Gay Marriage Proponents Rally Downtown; Federal Court Hearing Set For Thursday
Dozens of well-wishers for the federal court hearing about gay marriage on Thursday held signs and waved multi-colored flags along Center Street downtown during the lunch hour on Wednesday.
Drivers of vehicles, mostly pickups, honked their horns in support of the demonstrators, including at least two of the plaintiffs in the Guzzo.v.Mead lawsuit that will be heard in U.S. District Court, on South Wolcott Street at 10 a.m.
"Carl (Oleson) and I are one of the couples suing the state for marriage equality," Rob Johnston said.
"We would hope to see that -- we were married out of state, we were married in Canada -- and we would like to see that marriage recognized," he said.
That recognition, Johnston said, would include the rights, privileges and responsibilities of heterosexual couples including the right to visit a spouse in a hospital, next-of-kin legal access, and being able to list a spouse as a beneficiary of health benefits.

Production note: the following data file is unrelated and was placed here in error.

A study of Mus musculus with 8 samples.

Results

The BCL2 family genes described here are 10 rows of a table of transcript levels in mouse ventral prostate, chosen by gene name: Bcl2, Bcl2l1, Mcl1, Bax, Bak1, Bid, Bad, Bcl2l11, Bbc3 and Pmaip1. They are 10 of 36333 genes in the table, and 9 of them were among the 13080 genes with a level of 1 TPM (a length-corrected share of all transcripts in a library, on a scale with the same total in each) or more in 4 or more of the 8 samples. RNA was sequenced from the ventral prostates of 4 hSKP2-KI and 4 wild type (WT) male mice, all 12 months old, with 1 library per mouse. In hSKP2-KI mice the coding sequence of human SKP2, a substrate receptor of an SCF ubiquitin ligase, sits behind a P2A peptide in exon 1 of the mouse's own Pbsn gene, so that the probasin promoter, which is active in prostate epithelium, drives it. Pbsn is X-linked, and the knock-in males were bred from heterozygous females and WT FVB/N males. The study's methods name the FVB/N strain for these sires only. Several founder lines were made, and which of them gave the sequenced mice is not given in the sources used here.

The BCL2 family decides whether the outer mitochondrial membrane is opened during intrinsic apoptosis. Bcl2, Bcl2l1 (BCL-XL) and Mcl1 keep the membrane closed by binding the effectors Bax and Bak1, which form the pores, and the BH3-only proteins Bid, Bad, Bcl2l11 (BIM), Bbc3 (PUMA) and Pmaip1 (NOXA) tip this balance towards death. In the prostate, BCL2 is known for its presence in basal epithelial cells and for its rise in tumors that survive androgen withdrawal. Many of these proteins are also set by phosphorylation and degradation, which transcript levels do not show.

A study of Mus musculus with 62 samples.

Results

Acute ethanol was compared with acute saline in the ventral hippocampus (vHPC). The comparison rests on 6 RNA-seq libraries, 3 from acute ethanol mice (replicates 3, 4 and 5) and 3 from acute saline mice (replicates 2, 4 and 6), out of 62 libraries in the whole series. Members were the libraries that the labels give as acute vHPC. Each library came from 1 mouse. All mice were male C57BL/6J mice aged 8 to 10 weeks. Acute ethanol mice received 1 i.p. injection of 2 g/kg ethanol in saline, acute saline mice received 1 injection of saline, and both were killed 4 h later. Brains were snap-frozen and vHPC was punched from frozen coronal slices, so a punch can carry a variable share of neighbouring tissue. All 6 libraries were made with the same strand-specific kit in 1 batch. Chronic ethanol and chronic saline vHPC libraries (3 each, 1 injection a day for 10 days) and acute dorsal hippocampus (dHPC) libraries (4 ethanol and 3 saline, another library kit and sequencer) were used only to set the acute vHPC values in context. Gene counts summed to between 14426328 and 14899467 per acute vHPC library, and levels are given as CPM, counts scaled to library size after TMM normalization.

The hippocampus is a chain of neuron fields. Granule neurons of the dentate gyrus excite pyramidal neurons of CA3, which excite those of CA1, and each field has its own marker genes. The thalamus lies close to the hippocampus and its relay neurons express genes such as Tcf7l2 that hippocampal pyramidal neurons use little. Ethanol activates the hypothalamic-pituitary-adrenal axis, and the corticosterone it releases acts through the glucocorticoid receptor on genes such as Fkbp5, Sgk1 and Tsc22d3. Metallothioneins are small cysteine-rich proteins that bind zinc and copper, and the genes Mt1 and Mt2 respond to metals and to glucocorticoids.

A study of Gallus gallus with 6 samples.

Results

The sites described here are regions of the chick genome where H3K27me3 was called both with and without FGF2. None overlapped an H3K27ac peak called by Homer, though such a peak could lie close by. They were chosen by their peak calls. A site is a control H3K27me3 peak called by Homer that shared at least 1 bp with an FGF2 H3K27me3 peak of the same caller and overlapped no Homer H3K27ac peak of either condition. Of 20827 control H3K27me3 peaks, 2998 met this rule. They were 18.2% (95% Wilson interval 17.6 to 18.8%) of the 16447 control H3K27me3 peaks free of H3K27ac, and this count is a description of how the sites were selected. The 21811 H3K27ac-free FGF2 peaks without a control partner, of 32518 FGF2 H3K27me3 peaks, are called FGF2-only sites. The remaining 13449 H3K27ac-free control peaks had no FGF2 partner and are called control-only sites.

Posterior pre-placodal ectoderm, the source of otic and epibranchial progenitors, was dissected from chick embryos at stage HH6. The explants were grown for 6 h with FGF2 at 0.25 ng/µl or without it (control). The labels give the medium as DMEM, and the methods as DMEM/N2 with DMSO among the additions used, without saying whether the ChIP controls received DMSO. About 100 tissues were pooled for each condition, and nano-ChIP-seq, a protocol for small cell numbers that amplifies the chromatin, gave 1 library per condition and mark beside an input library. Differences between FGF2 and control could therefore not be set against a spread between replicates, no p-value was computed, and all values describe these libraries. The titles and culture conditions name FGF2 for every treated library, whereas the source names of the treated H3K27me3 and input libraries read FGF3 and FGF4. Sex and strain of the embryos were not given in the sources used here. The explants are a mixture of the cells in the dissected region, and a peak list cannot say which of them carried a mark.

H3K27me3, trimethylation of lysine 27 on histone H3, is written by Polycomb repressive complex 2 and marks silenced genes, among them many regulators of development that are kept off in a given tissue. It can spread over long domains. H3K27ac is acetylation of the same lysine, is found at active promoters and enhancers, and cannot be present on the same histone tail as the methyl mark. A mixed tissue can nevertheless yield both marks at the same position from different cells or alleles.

Johnston and Oleson, and three other couples are asking for a preliminary injunction and temporary restraining order demanding federal court declare unconstitutional under the U.S. Constitution Wyoming's statute defining marriage as "'between and male and female person,'" and the state's practice or refusing to recognize the marriages of same-sex couples from out of state.
A favorable ruling for the plaintiffs would allow county clerks to issue marriage licenses, according to the lawsuit.
The lawsuit came immediately on the heels of the U.S. Supreme Court's decision on Oct. 6 to decline to review several rulings that upheld the rights of gay couples to marry. That action included a ruling from the Denver-based 10th U.S. Circuit Court of Appeals.
But Gov. Matt Mead said the state will continue to defend its law defining marriage as only between a man and a woman.
Johnston and Oleson, who were married in Canada in 2010, are already plaintiffs in that lawsuit filed in Cheyenne in March. That lawsuit asserts Wyoming is violating the state constitution's claims of equality of all persons.